An Unexpected Love Story & Three Love Poems from the Earth
If you love it enough, anything will talk with you.
—George Washington Carver
After years of looking, it finally happened—I found true love, and it was deeper, sweeter, and simpler than anything I had known before. I wasn’t on match.com, in a bar, or at a party. I found it when I wasn’t even looking, and in an unexpected way—by going out “alone” into nature.
I didn’t fall in love with a handsome stranger I met on a wooded trail, at least not in the conventional sense. The love I found was less personal, more primal, and deliciously sensuous. I fell in love with trees and streams, mosses and flowers, chickadees and coyotes, with the sound of leaves whispering in the wind. I fell in love with the vast, glorious beauty and mystery of the living world—and while our relationship was by no means exclusive, it was profoundly satisfying.
Until then, I had been good friends with nature, and enjoyed many happy hours hiking, swimming, kayaking, and camping in wild places. Still, I had no idea how much more intimate and nourishing my relationship with the natural world could be—until a life-changing transition led me to approach it in a different way.
In 2010, after many years of activist work, I knew it was time to find a new path to service, and that I needed to connect with greater wisdom to discover my true calling. I sensed I could find what I was seeking in nature, but that I needed to shift my orientation to do that.
Instead of going out with friends and hiking at a steady clip, I was drawn to go solo, to move slowly, to be quiet and receptive. I still loved hiking, but now I also loved to settle into one place and listen. I would sit by a creek and watch the water flow, or lean into a tree and gaze up through the branches, falling under nature’s spell. I practiced opening myself to whatever thoughts or feelings wanted to come.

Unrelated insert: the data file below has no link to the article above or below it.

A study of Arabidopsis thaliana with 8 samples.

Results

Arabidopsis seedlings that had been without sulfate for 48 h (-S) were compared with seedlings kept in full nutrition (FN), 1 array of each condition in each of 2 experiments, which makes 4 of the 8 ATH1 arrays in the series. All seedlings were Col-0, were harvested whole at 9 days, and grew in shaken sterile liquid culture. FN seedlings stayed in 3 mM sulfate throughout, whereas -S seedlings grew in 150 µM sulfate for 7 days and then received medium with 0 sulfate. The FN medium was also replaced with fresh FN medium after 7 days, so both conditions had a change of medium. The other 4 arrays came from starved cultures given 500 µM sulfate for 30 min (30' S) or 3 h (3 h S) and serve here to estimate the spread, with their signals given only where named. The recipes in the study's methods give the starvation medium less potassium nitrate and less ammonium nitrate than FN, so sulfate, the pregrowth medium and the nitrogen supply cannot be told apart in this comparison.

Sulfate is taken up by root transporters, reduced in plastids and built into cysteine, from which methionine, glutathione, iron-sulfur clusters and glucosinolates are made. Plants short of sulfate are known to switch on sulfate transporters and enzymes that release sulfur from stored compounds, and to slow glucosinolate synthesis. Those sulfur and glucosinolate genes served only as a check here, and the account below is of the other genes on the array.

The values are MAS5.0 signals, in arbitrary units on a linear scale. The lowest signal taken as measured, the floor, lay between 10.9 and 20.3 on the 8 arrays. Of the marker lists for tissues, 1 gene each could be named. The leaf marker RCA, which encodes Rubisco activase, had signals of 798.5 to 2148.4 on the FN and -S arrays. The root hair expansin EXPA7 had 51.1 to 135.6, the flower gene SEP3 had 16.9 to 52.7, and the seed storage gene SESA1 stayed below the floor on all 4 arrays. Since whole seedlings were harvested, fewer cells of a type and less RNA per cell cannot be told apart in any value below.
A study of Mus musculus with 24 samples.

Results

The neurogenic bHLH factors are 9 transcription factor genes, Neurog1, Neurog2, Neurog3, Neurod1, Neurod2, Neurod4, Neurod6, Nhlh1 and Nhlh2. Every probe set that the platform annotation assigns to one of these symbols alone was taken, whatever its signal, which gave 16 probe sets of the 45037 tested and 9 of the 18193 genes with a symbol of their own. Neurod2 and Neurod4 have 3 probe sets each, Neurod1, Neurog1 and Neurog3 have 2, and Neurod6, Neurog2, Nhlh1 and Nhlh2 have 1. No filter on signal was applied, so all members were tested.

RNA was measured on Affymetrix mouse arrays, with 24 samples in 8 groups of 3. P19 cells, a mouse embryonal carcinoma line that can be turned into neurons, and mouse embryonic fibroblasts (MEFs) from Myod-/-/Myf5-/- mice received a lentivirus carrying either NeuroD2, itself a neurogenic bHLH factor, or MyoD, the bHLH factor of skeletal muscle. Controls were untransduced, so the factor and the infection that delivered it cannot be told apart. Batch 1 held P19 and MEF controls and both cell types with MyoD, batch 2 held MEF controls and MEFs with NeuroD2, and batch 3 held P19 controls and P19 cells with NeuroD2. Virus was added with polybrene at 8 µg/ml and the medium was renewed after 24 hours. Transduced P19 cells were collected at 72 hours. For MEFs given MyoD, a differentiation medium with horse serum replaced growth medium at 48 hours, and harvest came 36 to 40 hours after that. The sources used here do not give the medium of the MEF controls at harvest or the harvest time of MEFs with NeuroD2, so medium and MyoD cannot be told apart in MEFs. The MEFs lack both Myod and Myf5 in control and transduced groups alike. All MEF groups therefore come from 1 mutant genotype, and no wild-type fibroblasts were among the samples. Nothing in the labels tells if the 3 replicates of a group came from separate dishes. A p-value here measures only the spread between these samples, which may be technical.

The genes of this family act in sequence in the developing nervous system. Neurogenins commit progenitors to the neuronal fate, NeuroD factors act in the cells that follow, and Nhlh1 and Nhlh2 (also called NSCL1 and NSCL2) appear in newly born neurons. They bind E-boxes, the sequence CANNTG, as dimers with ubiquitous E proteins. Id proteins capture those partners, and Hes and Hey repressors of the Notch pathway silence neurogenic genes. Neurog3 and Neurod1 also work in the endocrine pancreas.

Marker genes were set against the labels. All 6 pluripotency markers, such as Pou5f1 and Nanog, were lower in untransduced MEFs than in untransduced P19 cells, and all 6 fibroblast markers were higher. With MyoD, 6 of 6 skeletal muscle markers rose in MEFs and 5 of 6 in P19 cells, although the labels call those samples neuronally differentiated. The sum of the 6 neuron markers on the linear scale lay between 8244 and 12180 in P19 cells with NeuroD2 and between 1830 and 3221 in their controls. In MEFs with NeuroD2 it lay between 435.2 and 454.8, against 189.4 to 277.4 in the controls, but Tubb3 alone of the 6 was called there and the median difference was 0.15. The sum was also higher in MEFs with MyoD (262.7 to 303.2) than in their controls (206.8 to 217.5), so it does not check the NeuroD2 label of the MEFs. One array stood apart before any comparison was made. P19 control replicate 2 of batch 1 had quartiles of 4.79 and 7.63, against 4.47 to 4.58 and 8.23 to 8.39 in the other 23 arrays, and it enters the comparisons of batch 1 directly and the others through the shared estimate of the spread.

In this way, I received many beautiful and surprising gifts: direct experiences of profound peace and unconditional love, a sense of coming home to my true self, and a communion with something much greater than myself. And I heard a clear, powerful answer to my quest for a new calling: to invite people into a more mindful and intimate connection with the natural world.
I also received a large body of creative work to support that calling—workshops, articles, practices, and most surprising to me, poems—hundreds of them. Although I loved reading poetry, I hadn’t written it as an adult or even aspired to do so. Still, by immersing myself in nature and listening for what wanted to come, I had inadvertently created a large, poem-sized opening—and the poems flowed through it abundantly.
Poetry and nature are now two of the greatest loves of my life, and they give me so much. Time and again, they help me to see the peace and beauty of the living world more clearly; to recognize that all beings can be my friends and allies; and to remember that I am never truly alone or without love. My hope is that this these poems will remind you of your innate kinship with all life, inspire you to deepen that connection, and spark more unexpected love stories.